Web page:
We might not realize it, but computer algorithms are everywhere.
These algorithms, which are basically a series of steps or instructions designed to perform a specific task or solve a particular problem, are used by governments and private industry in a growing number of fields.
They are used in the criminal legal system to decide things like who is let out on bail and who is forced to stay locked up. They are also utilized to help assign students to schools, offer people loans, decide where health care spending should be allocated, and many other tasks.
The problem is these algorithms, no matter how objective, neutral, and harmless they may appear on the surface, are often steeped in bias. That’s because the decisions about what factors algorithms consider and how much weight each factor is given are made by people, who bring their own biases into these calculations.
Algorithms are also often based on data that has bias baked in. So, for instance, an algorithm based on arrest data will inevitably be biased by the decades-long over-policing of communities of color.
In one recent example of an algorithm gone awry, researchers discovered that an algorithm used to identify patients’ health risks failed to identify many Black patients who would benefit from more medical treatment.
The problem is these algorithms, no matter how objective, neutral, and harmless they may appear on the surface, are often steeped in bias.
In response to the study, last month New York State officials asked UnitedHealth Group, which sells the algorithm, to “investigate these reports and demonstrate that this algorithm is not racially discriminatory.”
As the study – published in the Journal Science last month – explains, the Impact Pro algorithm looks at past health care spending by patients to predict which people will likely require the most care in the future. The patients who are identified by Impact Pro are then targeted for “high-risk care management” programs.
These programs, the study explains, “seek to improve the care of patients with complex health needs by providing additional resources, including greater attention from trained providers, to help ensure that care is well coordinated.”
The problem is that Impact Pro uses past spending on health care to predict future spending. But that metric doesn’t account for various reasons why Black people in poor health spend less than their white counterparts. The result is that the people targeted for high-risk care management do not include many Black patients who could benefit from it.
The study mentions several reasons why previous health care spending is not an effective measure of who will need the most future care. Insofar as socioeconomic status is correlated with race, Black patients tend to have less wealth than white people. So some Black patients likely avoid spending on needed care more often than white patients because of a lack of resources.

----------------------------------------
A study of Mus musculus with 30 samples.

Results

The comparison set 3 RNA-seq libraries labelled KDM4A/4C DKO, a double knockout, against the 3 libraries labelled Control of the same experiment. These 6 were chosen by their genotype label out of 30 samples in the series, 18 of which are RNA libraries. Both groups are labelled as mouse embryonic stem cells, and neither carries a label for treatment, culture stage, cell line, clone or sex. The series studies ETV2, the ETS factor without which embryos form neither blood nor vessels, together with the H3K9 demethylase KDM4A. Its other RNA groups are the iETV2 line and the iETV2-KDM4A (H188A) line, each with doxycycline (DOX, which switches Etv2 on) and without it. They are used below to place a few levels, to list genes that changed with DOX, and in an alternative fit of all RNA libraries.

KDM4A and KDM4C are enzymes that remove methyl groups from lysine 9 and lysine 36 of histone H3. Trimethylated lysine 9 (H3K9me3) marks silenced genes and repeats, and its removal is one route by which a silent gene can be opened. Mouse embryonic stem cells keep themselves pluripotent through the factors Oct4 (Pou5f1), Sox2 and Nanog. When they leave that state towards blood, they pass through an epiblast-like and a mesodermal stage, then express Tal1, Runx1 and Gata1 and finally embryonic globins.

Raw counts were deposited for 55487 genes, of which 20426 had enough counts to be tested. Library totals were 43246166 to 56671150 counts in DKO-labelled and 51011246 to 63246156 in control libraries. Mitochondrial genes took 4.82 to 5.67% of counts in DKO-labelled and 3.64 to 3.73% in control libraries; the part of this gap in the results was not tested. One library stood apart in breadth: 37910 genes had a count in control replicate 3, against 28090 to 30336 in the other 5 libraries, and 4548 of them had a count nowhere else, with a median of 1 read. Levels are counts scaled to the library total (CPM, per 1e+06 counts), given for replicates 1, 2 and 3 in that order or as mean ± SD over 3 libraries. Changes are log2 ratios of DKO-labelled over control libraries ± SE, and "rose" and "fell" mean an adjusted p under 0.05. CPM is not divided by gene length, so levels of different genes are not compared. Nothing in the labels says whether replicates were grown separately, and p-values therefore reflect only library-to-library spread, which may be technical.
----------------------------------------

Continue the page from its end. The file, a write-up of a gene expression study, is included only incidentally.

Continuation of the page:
Black people are also discriminated against by doctors, who are less likely to recommend preventative care for Black patients if the doctor is white.
Impact Pro does not account for race when it looks for patients to target for more care. But in its race-blindness, the results are heavily biased against Black people.
Algorithms like the one used by Impact Pro are extremely common in the health care industry. And it’s far from the only problematic algorithm. Nearly every day, there is worrying news on this front.
Apple’s new credit card made headlines after the company reportedly offered much lower credit limits to women compared to their husbands, even though they have joint accounts, shared finances, and higher credit scores than their male partners. New York’s Department of Financial Services is investigating both Impact Pro and the Apple Card.
And the Guardian reported this week that Google has acquired the un-redacted health records of millions of patients as part of its efforts to build health algorithms.
The Impact Pro example highlights two important aspects of algorithms. One is that even the ones that appear to be neutral and don’t explicitly use race in their calculations can still be biased.
Another lesson is that by making algorithms transparent and available to the public, biases can sometimes be uncovered and, at least partially, corrected. Such is the case with Impact Pro. The researchers, using a combination of past health care spending and other metrics, were able to eliminate 84 percent of the bias that existed in the Impact Pro algorithm.
This is far from a perfect solution, and there are plenty of cases where algorithms should not be used at all. But transparency is critical, especially since we’re unlikely to rid the world of algorithms any time soon.